Deja vu today.
This was probably the worst section of the ring, it started off well in the Pennines but became a dreary trudge after Mossley.
The Standedge Tunnel has no towpath so after a good breakfast in The New Inn, Marsden, I caught the bus over to Diggle. It has only just started going into the village after all the snow and ice they’ve experienced up here. This felt like cheating and I should go back one day and work out the route over the summit moors that the canal horses took to connect either end of the tunnel, it would only be about 4 miles. I’m told that in Summer boat trips can be taken through, that would be an experience. Anyhow this morning I’m at the southern gated tunnel entrance and setting off down the Huddersfield Narrow to Ashton. The surface of the canal is lightly frozen over but it is beautiful weather and the dog-walkers are out enjoying the sunshine.
Flights of locks head downhill quickly. This flight has uniquely single paddles top and bottom and on this side side of the Pennines have the suffix W denoting west. Local mills proclaim their names proudly from their chimneys or towers reminding one of the dominance of weaving in these hills. Shout it from the rooftops. Wool, cotton, coal, limestone were transported on the canal. Before long I was down eight locks and passing through Dobcross.
Just past was the old transhipment warehouse for transferring goods to mules prior to the Standedge Tunnel opening. I believe it is now used as the headquarters of the Huddersfield Canal Society. The smaller building was thought to have been a smithy. Also on the other side were old weaving sheds which have been transformed into unique accommodations.A massive railway viaduct looked familiar and further down stepping stones across the River Tame jogged my mind even more – I had been here recently but couldn’t remember why. Uppermill was passed without realising it, a L&NW marker was a reminder of the railways takeover. A straight section had me alongside Tesco’s in Greenfield where the marina was backed by Alderman’s Hill with its obelisk. Snow patches clearly visible. I definitely had been here before but remember going off to the hills to the East. This time I kept to the towpath.
Woodend Mill and its chimney adjoining a lock at last jogged my memory – I had come out of the woods here on The Tame Valley Way just over a year ago.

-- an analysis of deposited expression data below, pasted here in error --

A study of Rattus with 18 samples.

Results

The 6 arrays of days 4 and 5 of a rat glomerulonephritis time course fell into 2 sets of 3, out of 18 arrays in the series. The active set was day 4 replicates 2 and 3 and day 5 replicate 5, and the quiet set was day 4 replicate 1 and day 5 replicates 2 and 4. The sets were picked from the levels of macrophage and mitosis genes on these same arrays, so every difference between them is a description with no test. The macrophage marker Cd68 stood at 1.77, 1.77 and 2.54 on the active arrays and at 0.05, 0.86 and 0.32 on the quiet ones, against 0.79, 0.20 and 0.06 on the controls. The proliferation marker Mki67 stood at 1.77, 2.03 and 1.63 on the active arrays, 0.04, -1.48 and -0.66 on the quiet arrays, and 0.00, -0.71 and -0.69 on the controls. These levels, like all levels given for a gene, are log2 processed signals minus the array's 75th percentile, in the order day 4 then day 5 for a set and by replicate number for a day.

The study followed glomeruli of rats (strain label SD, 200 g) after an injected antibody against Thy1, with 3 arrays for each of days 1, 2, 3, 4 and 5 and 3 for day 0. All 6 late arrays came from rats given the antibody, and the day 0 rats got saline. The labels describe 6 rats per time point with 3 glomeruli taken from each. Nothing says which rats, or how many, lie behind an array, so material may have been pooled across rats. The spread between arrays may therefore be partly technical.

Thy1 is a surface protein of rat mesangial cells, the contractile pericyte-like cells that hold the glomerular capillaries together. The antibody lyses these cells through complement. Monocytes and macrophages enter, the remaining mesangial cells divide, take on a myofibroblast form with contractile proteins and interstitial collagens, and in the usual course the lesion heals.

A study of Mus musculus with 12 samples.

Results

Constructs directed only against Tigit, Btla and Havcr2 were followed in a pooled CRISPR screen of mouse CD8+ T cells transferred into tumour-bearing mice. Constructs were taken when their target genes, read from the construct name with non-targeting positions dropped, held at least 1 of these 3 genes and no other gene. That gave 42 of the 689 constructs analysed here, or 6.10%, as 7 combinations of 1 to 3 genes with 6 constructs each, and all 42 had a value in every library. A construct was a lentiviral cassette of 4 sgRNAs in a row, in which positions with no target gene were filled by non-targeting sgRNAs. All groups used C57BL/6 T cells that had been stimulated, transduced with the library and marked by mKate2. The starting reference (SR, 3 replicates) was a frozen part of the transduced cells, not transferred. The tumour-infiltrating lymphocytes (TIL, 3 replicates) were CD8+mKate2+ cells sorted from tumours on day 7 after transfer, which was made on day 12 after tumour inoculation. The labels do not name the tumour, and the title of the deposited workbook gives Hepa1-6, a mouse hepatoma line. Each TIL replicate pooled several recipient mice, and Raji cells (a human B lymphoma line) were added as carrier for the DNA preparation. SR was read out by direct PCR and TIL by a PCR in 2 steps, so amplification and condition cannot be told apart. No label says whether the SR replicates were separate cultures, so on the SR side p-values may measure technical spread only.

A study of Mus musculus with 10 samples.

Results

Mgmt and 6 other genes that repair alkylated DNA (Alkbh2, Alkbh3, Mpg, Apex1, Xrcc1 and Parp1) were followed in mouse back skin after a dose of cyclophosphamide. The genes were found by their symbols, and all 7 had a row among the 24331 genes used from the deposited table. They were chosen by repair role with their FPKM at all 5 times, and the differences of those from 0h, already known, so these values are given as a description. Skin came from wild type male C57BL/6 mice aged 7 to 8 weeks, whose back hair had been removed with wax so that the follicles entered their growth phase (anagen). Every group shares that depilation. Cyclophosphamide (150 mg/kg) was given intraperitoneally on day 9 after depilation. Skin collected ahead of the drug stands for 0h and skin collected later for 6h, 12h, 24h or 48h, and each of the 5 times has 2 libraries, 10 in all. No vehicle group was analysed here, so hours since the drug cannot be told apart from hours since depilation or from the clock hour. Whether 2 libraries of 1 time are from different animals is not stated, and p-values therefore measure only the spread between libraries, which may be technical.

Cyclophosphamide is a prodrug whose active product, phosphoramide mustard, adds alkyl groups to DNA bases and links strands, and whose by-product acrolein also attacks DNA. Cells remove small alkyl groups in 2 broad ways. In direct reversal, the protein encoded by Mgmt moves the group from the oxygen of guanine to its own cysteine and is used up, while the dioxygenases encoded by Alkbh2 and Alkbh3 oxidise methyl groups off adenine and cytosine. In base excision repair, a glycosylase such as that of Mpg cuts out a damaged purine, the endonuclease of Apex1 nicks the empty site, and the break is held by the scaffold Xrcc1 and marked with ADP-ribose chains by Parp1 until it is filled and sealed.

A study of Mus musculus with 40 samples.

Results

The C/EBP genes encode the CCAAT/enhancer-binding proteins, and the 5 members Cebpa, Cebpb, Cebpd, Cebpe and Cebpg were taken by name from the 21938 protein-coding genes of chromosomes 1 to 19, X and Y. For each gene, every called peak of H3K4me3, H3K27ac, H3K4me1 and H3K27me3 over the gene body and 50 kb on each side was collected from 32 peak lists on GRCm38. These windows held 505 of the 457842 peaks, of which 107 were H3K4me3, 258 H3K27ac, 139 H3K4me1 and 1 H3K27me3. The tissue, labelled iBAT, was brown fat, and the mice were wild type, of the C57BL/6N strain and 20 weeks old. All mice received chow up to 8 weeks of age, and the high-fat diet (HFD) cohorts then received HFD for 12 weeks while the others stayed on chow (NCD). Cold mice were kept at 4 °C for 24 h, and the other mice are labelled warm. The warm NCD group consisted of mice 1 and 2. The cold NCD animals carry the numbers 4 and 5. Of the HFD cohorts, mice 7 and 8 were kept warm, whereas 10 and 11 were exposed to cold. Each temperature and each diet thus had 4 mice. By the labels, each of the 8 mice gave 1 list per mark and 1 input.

At Mossley a mill building above me hissed, moaned, whistled, crunched and groaned like a Schoenberg symphony. apparently it is a timber recycling plant. Worth a listen…
Scout Tunnel could be traversed on a towpath in the dark before the countryside ran out. The enclosed valley with canal, river, electricity lines, rail and road became increasingly grim. Past industries have left waste lands, an old coal conveyor bridge hangs above the trees in ruins, electric substations all a bit too close, And then you are in or mostly under Stalybridge, a lot of work was needed to reconstruct the canal through the centre of town.Rather grubby urban walking through a corridor of industry and dereliction followed and after a narrow cut the final lock,1W, joined The Ashton Canal at a small basin. A couple were taking their barge for a spin, 10 years of restoration work on it so far – a labour of love. Disappointingly I was soon diverted away from The Ashton’s towpath as it disappeared underground somewhere. I found myself in an Asda car park with no obvious way out, not the end to the walk I’d imagined. However with a little improvisation and without getting run-over I found a way through and back down to the towpath just as it entered Portland Basin. This was a much more lively and pleasant place with a beautiful bridge over the joining Peak Forest Canal. The Ashton continues into Manchester but I’d walked that section in the past so my circuit of the South Pennine Ring was complete. I’d had 6 days exercise, varied scenery and lots of interest but I think I’ve had enough of canal walking for now.